Challenging Union, Cuomo Urges Probe of Teacher Evaluations


Gov. Andrew Cuomo has urged the state Education Department to investigate the results of teacher evaluations to see whether the process is skewed to favor teachers.

The administration sent a letter to acting Education Commissioner Elizabeth Berlin on Sunday, citing news reports that districts were using the part of teacher evaluations they control to ensure teachers scored high enough to receive favorable evaluations.

Newsday reported on Sunday that most Long Island districts use identical scoring ranges, promoted by the New York State United Teachers union, for the local portion.

“We strongly urge you to investigate the teacher evaluation results in Long Island, as well as the rest of the state, to determine whether the skewed ratings warrant departmental action or highlight areas where changes to state law are needed,” said the letter from state Operations Director Jim Malatras to Berlin.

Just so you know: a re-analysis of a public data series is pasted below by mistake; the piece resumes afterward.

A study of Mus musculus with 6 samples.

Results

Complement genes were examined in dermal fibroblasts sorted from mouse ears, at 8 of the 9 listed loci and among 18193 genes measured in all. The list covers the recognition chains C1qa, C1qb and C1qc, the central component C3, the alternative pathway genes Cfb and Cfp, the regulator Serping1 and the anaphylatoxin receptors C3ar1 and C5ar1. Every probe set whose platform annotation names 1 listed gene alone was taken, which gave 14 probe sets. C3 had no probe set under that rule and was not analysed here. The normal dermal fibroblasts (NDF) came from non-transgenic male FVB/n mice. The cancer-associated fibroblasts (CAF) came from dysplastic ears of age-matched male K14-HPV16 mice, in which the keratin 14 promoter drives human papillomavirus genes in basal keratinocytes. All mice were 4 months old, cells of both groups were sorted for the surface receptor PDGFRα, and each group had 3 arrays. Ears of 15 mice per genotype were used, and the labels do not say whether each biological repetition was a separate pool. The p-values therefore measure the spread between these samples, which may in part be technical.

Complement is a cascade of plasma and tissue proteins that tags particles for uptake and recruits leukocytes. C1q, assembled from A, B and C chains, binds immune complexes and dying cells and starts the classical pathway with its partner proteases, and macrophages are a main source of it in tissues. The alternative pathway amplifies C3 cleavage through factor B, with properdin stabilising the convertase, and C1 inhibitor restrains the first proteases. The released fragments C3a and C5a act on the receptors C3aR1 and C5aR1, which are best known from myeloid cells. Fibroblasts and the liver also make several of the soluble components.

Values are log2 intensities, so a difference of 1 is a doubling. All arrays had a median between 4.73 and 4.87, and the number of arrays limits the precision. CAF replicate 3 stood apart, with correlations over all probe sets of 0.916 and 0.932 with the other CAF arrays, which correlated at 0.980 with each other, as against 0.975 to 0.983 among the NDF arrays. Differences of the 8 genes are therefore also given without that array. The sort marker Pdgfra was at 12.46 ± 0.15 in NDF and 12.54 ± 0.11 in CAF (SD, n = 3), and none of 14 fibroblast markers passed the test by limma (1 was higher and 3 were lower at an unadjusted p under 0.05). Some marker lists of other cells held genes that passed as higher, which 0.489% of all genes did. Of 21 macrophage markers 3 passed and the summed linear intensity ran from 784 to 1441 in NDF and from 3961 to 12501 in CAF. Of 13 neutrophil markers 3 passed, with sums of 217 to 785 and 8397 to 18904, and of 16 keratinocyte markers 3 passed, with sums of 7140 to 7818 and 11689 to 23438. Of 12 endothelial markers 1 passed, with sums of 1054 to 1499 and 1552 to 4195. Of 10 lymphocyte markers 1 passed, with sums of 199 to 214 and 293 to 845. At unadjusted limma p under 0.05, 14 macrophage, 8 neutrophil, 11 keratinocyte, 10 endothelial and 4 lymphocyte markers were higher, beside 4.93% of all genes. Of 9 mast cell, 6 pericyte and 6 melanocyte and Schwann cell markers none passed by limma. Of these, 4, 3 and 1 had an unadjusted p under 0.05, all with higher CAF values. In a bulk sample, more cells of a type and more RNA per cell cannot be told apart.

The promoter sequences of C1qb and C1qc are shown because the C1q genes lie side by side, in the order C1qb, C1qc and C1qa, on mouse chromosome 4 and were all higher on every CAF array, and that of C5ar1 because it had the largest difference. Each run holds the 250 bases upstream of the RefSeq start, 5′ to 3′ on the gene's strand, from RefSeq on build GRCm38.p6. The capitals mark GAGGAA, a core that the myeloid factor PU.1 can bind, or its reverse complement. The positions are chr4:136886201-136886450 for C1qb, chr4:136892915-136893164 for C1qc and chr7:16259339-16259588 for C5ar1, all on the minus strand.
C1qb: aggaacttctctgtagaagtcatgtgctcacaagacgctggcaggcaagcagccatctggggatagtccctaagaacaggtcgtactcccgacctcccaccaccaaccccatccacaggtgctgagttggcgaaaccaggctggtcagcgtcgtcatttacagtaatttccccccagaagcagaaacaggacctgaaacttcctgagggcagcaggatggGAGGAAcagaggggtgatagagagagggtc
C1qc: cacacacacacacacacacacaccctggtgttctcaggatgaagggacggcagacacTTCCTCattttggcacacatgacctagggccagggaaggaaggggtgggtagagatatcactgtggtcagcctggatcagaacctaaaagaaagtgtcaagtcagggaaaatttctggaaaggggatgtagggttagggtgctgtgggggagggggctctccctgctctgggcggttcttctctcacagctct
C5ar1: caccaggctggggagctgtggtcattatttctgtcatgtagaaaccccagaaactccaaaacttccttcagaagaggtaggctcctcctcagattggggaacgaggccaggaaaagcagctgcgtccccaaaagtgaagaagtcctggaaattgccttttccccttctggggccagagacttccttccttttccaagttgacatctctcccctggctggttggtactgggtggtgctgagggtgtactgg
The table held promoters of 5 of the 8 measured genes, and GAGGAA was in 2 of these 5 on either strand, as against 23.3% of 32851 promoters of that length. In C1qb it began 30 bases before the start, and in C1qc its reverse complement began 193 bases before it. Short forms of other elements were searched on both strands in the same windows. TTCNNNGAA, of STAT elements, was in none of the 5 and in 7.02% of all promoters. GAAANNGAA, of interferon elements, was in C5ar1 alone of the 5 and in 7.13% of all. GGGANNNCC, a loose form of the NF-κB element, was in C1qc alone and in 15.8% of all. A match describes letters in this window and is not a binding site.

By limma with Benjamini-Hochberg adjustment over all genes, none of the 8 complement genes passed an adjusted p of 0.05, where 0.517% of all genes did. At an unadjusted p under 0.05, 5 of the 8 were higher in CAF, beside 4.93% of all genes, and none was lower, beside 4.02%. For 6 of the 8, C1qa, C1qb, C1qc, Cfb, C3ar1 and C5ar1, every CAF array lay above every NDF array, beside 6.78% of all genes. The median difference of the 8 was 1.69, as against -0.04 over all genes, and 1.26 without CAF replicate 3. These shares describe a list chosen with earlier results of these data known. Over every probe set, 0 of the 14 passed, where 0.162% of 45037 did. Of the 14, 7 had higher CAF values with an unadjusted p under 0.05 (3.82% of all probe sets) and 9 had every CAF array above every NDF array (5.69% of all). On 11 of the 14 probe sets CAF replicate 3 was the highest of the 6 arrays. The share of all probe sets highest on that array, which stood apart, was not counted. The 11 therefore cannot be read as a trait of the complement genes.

NYSUT, the state’s largest teachers union, said Monday that each district’s teacher evaluation plan was approved by the state Education Department.

“The governor’s cluelessness about teacher evaluations and his disdain for the teaching profession have never been more apparent,” NYSUT President Karen Magee said. “The only thing skewed here is the governor’s logic.”

Cuomo, as part of his budget proposal for next year, called on the Legislature to require that teacher evaluations rely more heavily on test performance after last year’s results rated 96 percent of teachers highly effective or effective and less than 1 percent ineffective. Under the state’s Annual Professional Performance Review law, teachers receiving two consecutive ineffective ratings could be fired.